Nizam Mohammed's appointment as chairman of the Police Service Commission has not been revoked and he has not resigned. He made that clear, after a 90-minute, face-to-face meeting with President George Maxwell Richards at his St Ann's office yesterday. Mohammed was summoned to President's House, after widespread controversy over his statement. That statement angered many citizens, including Prime Minister Kamla Persad-Bissessar, who told reporters Mohammed's remarks were "reckless and divisive" and was not representative of the position of the T&T Government. She said Mohammed's future as head of the PSC was to be determined by President Richards. Opposition Leader Dr Keith Rowley also met with the President to discuss Mohammed's statement. Rowley said based on the discussions, he was confident Mohammed's appointment would be revoked by the President.
But Mohammed has maintained his innocence, insisting that he had done nothing wrong. Yesterday, he emerged from the meeting with the President saying his appointment was not revoked. Reporters questioned Mohammed about the meeting, from behind a wire fence at President's House.
Reporter: Mr Mohammed, was your appointment revoked?
Reporter: So you continue to work as chairman (of the Police Service Commission)?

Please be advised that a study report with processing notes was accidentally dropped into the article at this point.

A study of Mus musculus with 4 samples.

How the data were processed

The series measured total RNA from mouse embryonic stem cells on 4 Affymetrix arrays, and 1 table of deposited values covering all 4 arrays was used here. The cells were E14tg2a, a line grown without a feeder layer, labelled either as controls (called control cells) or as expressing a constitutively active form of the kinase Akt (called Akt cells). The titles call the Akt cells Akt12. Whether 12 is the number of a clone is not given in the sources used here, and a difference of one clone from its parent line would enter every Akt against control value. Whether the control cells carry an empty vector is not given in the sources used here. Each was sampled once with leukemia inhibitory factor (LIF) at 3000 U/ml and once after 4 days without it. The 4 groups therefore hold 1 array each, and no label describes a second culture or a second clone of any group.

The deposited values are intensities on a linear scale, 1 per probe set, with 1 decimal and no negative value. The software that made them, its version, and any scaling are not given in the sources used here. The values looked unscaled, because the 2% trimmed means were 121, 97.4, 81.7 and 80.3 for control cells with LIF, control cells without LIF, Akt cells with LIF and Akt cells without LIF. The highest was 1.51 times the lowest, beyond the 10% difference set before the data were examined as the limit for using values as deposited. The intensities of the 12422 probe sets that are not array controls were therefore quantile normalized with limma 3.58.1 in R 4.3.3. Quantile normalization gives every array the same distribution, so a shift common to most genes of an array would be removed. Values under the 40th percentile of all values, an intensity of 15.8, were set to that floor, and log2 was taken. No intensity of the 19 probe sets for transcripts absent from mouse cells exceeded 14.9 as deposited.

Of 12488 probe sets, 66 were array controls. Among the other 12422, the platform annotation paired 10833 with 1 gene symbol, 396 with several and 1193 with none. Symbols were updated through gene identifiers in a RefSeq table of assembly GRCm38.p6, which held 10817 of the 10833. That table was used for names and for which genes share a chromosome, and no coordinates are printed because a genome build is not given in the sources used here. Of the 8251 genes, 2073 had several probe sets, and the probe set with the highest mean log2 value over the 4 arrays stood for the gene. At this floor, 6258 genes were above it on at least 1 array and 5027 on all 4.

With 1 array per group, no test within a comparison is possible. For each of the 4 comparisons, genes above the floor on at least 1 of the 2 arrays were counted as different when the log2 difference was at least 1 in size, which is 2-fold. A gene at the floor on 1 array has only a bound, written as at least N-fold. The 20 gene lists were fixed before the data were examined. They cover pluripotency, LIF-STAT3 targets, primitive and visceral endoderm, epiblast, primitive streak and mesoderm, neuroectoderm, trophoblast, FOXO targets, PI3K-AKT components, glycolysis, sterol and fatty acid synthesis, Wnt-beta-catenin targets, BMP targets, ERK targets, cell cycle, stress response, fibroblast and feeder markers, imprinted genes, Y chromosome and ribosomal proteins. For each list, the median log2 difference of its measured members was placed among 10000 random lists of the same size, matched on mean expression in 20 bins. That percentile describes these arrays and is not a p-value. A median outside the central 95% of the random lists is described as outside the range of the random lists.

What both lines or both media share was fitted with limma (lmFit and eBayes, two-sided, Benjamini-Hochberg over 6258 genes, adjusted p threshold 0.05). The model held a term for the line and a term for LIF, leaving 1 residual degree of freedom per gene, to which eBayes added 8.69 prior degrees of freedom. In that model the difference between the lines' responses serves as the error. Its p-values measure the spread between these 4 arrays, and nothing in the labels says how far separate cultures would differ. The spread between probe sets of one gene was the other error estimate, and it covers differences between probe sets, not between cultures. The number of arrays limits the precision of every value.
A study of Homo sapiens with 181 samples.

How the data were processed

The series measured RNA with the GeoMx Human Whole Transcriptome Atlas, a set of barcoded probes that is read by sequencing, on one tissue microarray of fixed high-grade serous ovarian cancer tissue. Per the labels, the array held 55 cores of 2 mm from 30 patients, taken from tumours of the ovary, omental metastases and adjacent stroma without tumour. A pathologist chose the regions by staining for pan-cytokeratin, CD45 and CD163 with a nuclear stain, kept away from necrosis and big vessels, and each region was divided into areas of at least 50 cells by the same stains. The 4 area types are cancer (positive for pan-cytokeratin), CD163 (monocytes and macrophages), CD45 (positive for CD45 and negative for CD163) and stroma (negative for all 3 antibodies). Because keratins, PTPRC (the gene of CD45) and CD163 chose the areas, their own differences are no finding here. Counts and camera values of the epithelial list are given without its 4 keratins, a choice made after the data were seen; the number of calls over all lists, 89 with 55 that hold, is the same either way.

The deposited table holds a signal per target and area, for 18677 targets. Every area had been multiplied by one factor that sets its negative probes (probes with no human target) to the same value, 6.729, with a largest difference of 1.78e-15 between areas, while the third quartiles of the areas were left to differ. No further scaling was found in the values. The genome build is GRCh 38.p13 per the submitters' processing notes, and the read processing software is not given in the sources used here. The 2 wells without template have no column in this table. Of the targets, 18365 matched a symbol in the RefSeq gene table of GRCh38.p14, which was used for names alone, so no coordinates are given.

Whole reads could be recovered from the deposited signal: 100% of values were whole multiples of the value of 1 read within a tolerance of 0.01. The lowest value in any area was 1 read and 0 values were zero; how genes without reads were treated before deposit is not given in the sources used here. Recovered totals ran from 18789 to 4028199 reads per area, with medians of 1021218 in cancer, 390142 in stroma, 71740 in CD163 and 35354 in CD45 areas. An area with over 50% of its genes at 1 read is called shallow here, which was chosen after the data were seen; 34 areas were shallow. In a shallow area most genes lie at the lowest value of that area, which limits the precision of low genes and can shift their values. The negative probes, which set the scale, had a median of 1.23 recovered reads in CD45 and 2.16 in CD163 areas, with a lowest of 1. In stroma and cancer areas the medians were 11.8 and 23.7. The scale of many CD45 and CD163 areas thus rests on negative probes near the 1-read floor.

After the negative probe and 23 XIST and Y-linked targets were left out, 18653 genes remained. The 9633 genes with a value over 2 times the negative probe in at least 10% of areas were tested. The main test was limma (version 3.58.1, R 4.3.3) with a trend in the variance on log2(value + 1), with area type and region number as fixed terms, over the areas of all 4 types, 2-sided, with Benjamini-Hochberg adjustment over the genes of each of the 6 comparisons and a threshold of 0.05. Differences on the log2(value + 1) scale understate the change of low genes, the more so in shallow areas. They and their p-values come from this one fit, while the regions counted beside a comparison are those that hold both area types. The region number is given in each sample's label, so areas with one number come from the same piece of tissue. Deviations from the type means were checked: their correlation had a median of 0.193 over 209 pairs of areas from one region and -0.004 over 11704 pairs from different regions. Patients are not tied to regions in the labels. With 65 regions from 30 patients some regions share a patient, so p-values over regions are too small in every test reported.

Reporter: What was the discussion about?
Mohammed: Well, we were discussing the issue that is at hand and the discussions are continuing.
Reporter: Did you come expecting that your appointment was going to be revoked?
Mohammed: No, I didn't come expecting that my appoint was going to be revoked. I did not do anything wrong.
Reporter: Did the President agree with you that you did nothing wrong?
Mohammed: Whether he agrees of not, he hasn't expressed an opinion on that.
Reporter: When will the discussions continue?
Mohammed: I don't know. I don't know. But that is about it. I am, not at liberty to discuss anything.
Reporter: How do you feel, Mr Mohammed?
Mohammed: How do I look?
Reporter: In light of all the controversy, would you have made your statement differently?
Mohammed: I would have to think about that...I haven't given it a thought.
Reporter: Is it a victory?
Mohammed: I can't say anything more.
Reporter: Are you going to work tomorrow"
Mohammed: As usual.
Reporter: Well, tomorrow is Saturday.
Mohammed: Yes, I have work to do.
Reporter: Do you have any plans to resign, Mr Mohammed?
Mohammed did not answer but entered his car and left.
But sources said yesterday that Mohammed was asked to tender his resignation by President Richards.
Sources also said that Mohammed was given time to consider the matter. The sources say that was the reason for the continuation of talks on the matter.
Up to late yesterday, no release on the meeting was issued from President's House.